Review: Samsung Epic 4G
In many ways, the Samsung Epic 4G exceeded my expectations and delivered on some of its lofty promises. The Super AMOLED screen is fantastic, easily the phone's standout feature. If you want to watch movies, surf the Web or perform any task that's improved by a bright, colorful screen, the Epic 4G is a delight. I was also impressed by the performance of the phone's processor. The interface was so snappy, it felt like the phone was in a rush. Even without the performance-boosting Android 2.2 update, the phone performed well in every task I threw its way. It's too bad the Android gaming catalog is so thin right now, because this phone would be a boon to high end gaming on the platform.
The design, for me, is a mixed bag. I didn't love the cheap plastic feel or the phone's large shell, though I appreciate the huge screen size. With the light weight and the glossy plastic, it felt something like a toy. But I did enjoy typing on the massive keyboard, one of the largest I've seen on a smartphone.
My complaints are mostly minor. I'm very disappointed in the images I took with the 5 megapixel camera, but that was the phone's biggest flaw. I wish the TouchWIZ interface was more customizable. I'd also like to see better social networking integration, since the features did not seem to work as they were supposed to. But the official Facebook and Twitter apps are already solid, and Samsung's modest additions were useful and cool looking.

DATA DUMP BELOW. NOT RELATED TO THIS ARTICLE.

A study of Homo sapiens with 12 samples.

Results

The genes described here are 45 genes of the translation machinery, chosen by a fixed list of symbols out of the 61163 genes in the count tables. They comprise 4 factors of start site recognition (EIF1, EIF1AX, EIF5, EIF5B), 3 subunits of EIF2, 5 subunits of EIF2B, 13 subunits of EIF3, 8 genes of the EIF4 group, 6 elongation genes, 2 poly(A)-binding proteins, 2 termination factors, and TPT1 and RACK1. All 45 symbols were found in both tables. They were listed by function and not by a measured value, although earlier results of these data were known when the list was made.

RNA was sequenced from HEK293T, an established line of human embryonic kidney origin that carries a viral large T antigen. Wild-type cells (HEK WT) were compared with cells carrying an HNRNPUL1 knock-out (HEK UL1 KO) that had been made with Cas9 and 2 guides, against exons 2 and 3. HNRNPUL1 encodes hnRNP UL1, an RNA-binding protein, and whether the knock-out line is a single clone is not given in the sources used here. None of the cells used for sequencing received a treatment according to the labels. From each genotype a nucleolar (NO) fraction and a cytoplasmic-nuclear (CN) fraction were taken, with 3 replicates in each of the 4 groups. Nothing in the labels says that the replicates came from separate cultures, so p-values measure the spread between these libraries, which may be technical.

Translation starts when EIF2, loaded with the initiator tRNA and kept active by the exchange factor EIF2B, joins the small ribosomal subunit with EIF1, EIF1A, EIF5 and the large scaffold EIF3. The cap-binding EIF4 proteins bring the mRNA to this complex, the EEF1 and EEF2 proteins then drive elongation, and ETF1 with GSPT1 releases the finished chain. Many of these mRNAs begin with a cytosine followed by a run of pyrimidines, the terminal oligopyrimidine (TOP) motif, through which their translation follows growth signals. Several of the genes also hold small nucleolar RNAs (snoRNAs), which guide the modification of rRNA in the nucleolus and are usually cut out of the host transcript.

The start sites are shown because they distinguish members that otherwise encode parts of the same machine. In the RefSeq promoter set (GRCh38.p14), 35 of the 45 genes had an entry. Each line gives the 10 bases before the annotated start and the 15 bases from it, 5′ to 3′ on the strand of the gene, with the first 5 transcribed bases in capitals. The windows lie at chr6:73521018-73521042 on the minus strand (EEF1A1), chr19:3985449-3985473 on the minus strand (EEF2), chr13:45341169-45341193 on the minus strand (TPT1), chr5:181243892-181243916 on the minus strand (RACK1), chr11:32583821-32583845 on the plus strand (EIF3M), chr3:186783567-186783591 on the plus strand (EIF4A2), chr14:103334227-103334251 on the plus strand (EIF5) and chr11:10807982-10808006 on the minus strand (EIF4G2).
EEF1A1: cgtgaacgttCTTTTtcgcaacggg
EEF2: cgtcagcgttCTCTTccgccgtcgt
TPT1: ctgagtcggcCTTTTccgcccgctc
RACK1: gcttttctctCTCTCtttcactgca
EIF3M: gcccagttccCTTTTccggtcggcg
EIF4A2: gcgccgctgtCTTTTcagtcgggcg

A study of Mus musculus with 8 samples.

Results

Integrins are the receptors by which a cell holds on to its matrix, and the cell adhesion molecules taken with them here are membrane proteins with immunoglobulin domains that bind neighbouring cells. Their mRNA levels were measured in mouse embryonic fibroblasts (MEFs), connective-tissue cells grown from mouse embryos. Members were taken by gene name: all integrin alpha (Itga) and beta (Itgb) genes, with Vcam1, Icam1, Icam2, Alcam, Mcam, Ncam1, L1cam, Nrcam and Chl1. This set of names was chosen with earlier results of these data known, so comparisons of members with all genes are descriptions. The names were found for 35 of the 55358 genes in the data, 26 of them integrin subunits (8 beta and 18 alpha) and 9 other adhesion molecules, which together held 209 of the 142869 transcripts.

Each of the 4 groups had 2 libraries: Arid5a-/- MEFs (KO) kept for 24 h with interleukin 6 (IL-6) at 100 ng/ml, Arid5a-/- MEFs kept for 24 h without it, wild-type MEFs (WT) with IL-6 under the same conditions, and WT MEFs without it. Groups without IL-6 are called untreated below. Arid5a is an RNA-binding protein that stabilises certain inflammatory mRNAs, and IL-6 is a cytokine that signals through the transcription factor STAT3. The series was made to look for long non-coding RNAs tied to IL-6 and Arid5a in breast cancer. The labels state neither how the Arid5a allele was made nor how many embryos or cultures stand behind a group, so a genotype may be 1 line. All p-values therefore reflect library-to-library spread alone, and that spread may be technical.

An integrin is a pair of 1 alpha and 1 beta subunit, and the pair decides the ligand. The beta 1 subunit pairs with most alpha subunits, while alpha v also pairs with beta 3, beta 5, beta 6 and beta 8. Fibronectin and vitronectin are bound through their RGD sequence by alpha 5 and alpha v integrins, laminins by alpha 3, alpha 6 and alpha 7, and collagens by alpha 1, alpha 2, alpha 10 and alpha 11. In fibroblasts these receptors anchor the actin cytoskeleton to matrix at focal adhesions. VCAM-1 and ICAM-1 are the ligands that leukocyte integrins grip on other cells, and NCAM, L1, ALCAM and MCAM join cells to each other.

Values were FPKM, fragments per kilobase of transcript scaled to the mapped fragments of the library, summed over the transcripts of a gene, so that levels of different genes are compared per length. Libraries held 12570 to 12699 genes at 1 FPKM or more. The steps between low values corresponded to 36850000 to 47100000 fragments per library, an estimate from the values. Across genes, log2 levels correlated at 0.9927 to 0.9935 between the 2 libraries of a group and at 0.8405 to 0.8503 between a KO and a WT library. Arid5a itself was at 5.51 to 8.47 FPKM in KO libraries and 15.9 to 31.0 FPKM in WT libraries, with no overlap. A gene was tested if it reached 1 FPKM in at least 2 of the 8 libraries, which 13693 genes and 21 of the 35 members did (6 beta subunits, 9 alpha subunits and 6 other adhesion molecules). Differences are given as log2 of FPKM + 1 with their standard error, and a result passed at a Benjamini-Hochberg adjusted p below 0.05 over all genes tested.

Hands-on with the new Samsung Galaxy S series phone, including the Captivate for AT&T, Fascinate for Verizon, Epic 4G for Sprint, and Vibrant for T-Mobile.
Oct 16, 2012
Sprint today announced the availability of a new Sprint iD pack that is aimed at making smartphones easier to use for seniors. The Active Senior ID pack includes 20 applications and services that Sprint believes can help to improve the smartphone experience for older users.
Aug 27, 2012
In the wake of its courtroom victory against Samsung, Apple today asked the court to ban sales of eight Samsung devices found to infringe on its design and other patents. The devices include the Galaxy S 4G, S2 (AT&T and T-Mobile), S2 Skyrocket, S2 Epic 4G, S Showcase, Droid Charge, and Galaxy Prevail.
May 14, 2012
Voyager Mobile today announced that its no-contract wireless services will be available starting May 15. Voyager is a new company that has leased access to Sprint's EVDO 3G and WiMax 4G networks and is offering two service plans.
Jan 19, 2012
Sprint has begun distributing system updates to the HTC EVO 4G, Samsung Epic 4G, and HTC EVO Design 4G smartphones. The updates remove Carrier IQ's software, as well as fixes bugs, boosts performance, and resolves security issues.